By February, most New Year's resolutions have been long discarded. Many start the year with notions of exercising more or eating better. While such ambitions are laudable, there is another aspect to healthy living that should not be overlooked: ensuring that someone can make health care decisions for you if you are unable to do so. The best way to achieve that is to execute a New Hampshire Advance Directive for Health Care, which allows you to designate an agent to make health care decisions for you. It also allows you to give your agent guidance on the decisions you want them to make.
While almost all of our clients have executed a New Hampshire Advance Directive, many people have not executed this document. Previously, if an individual did not execute an Advance Directive and became incapacitated the individual's family was left to obtain a guardianship of the incapacitated adult before health care decisions could be made. However, this past year, the New Hampshire legislature enacted legislation designed to make it easier for loved ones to make health care decisions for an individual who is incapacitated, even without an Advance Directive.
Effective on January 1, 2015, New Hampshire established surrogates for health care decision making. Now, if someone is incapacitated and that person does not have an Advance Directive for Health Care or a legal guardian, a physician or advance practice registered nurse may designate a surrogate to make health care decisions for that individual. The statute provides an order of priority as to who will be named as a health care surrogate, as follows: (1st) a spouse, (2nd) adult children, (3rd) parents; (4th) siblings; (5th) adult grandchildren; (6th) aunts, uncles, nieces or nephews; (7th) close friends (defined under the statute); (8th) agents under a financial power or attorney or conservators; and (9th) guardians of the patient's estate.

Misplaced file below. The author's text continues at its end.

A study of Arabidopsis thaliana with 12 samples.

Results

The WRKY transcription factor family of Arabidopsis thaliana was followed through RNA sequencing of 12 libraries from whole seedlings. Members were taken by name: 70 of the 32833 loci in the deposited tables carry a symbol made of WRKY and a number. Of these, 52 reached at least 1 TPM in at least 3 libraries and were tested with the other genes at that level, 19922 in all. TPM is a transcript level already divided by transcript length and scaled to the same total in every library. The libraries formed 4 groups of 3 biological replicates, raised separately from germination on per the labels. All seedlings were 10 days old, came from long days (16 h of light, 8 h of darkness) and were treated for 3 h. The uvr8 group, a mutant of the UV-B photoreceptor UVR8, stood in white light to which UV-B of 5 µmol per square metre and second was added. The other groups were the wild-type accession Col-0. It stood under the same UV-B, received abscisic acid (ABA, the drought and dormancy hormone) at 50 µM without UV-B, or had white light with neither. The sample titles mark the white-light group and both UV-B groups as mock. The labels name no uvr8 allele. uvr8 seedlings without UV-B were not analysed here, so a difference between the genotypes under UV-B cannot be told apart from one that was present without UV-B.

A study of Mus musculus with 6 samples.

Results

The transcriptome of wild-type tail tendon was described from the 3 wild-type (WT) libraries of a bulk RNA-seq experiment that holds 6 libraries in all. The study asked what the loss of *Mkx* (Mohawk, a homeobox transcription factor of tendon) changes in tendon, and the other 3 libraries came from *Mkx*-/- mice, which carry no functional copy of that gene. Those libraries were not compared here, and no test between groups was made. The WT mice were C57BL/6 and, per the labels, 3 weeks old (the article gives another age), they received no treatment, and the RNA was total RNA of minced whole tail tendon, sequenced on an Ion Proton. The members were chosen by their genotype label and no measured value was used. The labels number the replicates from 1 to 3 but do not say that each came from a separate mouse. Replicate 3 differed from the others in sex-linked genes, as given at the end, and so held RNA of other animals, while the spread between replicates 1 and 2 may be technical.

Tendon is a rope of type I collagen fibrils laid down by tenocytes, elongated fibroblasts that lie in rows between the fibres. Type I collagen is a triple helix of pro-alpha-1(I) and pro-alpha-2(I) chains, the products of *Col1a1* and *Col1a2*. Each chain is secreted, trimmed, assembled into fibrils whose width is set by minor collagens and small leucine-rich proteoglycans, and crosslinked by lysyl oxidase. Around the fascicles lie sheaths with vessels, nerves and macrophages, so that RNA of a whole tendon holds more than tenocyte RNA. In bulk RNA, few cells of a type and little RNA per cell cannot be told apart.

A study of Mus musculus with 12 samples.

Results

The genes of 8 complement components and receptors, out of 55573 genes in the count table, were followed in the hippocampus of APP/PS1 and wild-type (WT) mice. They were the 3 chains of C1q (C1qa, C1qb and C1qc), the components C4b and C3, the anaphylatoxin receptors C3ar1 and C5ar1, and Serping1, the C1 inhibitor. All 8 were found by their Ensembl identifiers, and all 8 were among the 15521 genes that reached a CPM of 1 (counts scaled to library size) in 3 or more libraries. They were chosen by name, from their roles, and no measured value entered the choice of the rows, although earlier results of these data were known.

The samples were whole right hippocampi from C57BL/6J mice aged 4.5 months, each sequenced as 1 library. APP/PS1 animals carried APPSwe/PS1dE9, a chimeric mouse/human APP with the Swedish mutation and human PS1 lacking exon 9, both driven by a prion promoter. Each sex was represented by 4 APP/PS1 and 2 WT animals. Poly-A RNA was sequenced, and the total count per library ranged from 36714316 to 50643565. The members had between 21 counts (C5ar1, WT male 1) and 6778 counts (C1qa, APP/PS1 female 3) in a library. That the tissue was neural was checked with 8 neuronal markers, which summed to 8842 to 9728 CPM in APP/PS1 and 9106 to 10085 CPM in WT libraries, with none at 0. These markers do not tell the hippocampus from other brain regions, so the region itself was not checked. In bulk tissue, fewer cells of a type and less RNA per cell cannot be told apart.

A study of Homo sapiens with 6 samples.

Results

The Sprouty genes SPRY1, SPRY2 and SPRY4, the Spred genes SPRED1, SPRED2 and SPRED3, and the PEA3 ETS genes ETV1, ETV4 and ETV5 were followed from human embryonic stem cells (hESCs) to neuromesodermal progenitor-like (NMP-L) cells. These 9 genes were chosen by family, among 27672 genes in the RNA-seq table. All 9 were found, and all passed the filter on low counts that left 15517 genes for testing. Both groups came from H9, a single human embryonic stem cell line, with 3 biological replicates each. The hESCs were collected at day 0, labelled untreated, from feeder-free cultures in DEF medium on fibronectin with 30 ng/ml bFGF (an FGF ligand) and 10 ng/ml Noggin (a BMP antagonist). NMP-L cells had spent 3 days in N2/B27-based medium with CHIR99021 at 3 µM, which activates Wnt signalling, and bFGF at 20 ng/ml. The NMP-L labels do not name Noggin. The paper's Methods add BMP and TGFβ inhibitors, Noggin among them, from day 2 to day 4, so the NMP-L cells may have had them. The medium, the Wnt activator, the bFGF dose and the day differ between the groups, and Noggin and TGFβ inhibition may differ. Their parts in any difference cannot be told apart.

If there are two or more people within the same level, decisions by a majority of those available will control and if there is a question between multiple surrogates at the same level, those surrogates are responsible for making a reasonable effort to reach a consensus as to their decisions on behalf of the patient.
The designation of a surrogate lasts for 90 days. During that time, the surrogate may make health care decisions for a patient to the same extent as an agent under an Advance Directive. There is some ambiguity under the law as to whether a surrogate may act regarding a decision to withhold or withdraw life-sustaining treatment.
A surrogacy can also be revoked in the same way an Advance Directive can be revoked and will terminate if a patient expresses an objection to the continuation of the surrogacy. Additionally, a physician or APRN may revoke a surrogacy if the surrogate is unwilling or unable to act. Finally, if guardianship proceedings are initiated, then, while the proceedings are underway, the surrogate's authority to act is placed on hold.
This new law is certainly helpful for those who have not executed an Advance Directive. However, because of the potential ambiguity, the limitations of the surrogacy law, and the potential for conflict among those within the same level of priority, it is still preferable to execute a New Hampshire Advance Directive for Health Care.
Parents of young adults, eighteen and older, should encourage their adult children to sign an Advance Directive for Health Care. The Advance Directive for Health Care is designed to be easy for people to sign. You can download a blank Advance Directive for Health Care on our website on the Estate Planning page or here. The form can be printed, filled out and signed. When you sign the new Advance Directive, you will need either two independent witnesses or a notary public or justice of the peace to acknowledge your signature.
Regardless of whether you have let your other New Year's resolutions slide, make ensuring your loved ones have completed an Advance Directive for Health Care a priority. We would be happy to assist you if you have any questions about the Advance Directive for Health Care.